In the midst of the present ordeal around the globe, a common response among people of faith has been to seek to identify with the plight of those who are suffering, persecuted, or at risk. One powerful example of this is the adoption of the Arabic letter used to identify the Christian minority in Iraq, many of whom have been brutally slaughtered by the Islamist (not Islamic!) extremists known as ISIS. More and more of my Facebook friends are using this symbol as their own photo, a gesture that expresses their solidarity with those who are under threat of horrific death.
This identification with the vulnerable is a longstanding tradition among Christians. So much of our practice is about mirroring, sharing, imitating, becoming one with those who suffer or who are on the fringe. We say that we meet God in the one who is hungry, in prison, naked, lonely, poor because Jesus himself said it is among those where we will meet him. The desire to be seen as with the crucified Jesus is why wearing a cross became so commonplace. In doing so, ideally, we remind ourselves and announce to those who see us how we wish to be linked to the Christ who conquered injustice and brutality by suffering their throes and then rising from the dead. As St. Paul says,
Do you not know that all of us who have been baptized into Christ Jesus were baptized into his death? 4 Therefore we have been buried with him by baptism into death, so that, just as Christ was raised from the dead by the glory of the Father, so we too might walk in newness of life. (Romans 6)
According to the Gospel of John, Jesus repeats several times this phrase, ego eimi, I am. I am the way, the truth, the life. I am the good shepherd. I am the gate. I am the bread of life. I am the gate. I am the true vine. And when asked by the soldiers who come to arrest him if he is Jesus, he simply says, “I am.” The words throw them down to the ground as if they had suddenly found themselves in the very presence of God. Which they were. Jesus repeated “I am” statements is how he identifies with, and makes himself equal to, the God who promised to deliver God’s people from their bondage in Egypt at the revelation in the burning bush before Moses. Who shall I say sent me? asks Moses. “I AM WHO AM.” These words form the basis of the most Holy Name of God that is unutterable to the devout. YHWH.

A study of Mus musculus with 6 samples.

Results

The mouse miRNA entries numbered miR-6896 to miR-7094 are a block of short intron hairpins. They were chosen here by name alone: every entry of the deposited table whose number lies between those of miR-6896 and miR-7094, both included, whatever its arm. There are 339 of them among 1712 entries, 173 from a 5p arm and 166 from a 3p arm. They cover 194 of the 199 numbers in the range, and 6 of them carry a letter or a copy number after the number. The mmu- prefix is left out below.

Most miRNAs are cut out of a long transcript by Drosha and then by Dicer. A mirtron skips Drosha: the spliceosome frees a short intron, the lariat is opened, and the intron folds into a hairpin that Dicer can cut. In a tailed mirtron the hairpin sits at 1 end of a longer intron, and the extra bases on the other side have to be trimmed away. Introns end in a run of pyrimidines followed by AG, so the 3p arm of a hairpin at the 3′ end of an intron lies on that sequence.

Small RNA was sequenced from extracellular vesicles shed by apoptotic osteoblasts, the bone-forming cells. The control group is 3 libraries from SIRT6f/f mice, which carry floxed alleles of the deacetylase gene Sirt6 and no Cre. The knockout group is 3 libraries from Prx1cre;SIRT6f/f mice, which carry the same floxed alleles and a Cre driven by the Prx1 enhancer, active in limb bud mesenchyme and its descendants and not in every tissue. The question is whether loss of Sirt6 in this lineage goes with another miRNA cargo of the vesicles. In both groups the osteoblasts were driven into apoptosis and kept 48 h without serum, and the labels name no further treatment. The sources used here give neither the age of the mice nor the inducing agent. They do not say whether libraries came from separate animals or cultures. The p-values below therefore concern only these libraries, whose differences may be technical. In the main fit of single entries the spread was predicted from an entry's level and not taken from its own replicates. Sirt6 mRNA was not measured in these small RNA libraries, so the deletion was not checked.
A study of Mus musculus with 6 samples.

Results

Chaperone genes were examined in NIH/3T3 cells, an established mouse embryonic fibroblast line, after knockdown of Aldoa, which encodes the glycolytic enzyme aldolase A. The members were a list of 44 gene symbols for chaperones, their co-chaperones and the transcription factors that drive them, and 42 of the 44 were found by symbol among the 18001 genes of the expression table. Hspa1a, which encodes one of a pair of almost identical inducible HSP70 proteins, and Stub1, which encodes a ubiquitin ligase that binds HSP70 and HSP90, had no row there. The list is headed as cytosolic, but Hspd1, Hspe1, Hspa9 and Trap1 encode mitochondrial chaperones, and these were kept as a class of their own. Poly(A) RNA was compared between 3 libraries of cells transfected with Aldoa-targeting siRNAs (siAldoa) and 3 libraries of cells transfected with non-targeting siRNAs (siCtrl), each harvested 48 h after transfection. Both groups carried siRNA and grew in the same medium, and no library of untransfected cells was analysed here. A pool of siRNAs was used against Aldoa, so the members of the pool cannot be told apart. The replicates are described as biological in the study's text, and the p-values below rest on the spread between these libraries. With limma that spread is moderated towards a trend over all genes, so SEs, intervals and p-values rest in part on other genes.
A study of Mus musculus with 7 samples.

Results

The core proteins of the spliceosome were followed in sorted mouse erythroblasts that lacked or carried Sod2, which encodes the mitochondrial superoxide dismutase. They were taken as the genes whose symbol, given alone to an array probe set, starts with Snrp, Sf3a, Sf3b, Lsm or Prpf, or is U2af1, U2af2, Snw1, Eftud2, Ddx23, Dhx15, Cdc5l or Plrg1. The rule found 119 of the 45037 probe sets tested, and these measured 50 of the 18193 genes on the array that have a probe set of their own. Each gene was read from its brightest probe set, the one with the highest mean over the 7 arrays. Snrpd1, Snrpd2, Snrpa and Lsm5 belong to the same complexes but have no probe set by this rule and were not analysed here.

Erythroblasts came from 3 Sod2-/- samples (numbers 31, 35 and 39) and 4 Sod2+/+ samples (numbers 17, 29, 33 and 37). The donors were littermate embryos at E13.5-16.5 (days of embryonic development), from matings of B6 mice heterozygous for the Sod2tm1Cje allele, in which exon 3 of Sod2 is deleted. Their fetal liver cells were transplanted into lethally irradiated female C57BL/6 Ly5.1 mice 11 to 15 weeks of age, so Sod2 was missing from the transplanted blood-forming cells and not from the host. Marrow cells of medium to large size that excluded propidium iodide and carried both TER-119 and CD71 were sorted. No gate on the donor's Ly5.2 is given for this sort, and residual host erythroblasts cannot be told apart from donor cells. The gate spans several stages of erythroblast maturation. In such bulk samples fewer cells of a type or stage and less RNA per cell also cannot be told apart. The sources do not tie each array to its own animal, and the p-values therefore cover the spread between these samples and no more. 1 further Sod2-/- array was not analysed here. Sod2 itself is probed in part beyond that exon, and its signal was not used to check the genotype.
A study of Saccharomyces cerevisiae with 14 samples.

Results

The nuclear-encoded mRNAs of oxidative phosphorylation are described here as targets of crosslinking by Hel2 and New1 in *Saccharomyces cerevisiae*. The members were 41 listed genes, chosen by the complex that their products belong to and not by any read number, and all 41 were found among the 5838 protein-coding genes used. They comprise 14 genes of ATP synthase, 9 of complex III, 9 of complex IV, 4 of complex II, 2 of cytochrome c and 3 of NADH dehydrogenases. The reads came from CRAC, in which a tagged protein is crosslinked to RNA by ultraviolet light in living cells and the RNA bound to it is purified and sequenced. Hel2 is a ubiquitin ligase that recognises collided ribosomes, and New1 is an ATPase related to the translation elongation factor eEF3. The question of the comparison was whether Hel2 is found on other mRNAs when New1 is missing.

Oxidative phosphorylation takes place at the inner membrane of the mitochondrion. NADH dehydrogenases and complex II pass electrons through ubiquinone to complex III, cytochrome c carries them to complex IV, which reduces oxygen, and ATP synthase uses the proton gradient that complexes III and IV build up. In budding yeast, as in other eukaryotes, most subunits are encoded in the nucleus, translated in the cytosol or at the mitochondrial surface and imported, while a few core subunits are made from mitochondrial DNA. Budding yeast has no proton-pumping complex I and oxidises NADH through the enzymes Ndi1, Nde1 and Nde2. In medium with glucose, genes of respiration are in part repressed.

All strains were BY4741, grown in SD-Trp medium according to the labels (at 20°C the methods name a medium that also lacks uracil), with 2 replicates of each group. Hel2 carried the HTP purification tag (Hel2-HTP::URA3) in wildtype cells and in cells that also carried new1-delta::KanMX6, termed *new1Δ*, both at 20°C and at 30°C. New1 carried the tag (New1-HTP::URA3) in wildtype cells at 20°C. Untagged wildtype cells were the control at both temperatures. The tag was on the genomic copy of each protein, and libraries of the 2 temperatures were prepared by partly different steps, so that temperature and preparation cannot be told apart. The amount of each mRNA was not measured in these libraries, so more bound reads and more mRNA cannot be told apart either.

The sufferings of the present time may drive us to prayers that are too deep for words. In prayer, we might place ourselves, our awareness, our full presence, into the Presence who simply and powerfully is. In that presence we hope to find union with God in whose infinite presence contains all the suffering, all the sin, all the agony and violence of the world. No place is outside the God who is Being itself: Gaza; Israel; the U.S. Mexican border; West Africa; the streets of our own nation ripped by gun violence; those households, like Robin Williams’, that struggle with depression and other forms of mental illness; Syria, Iraq, the Sudan.
We cannot be in all these places at once. But in prayer, we can offer our own being, our own selves, into the presence where all suffering meets the Divine Compassion, whom we believe is made manifest in Christ. Jesus’ himself chose to allow his compassion to extend beyond the defining borders of his own religious identity and healed the child of Syro-Phoenician woman who sought him for assistance. That choice for mercy involved a change of mind, a widening of his mercy.
I pray that we will allow ourselves a similar widening, first in our prayers, and then in our acts of generous response and mercy in these times of trial.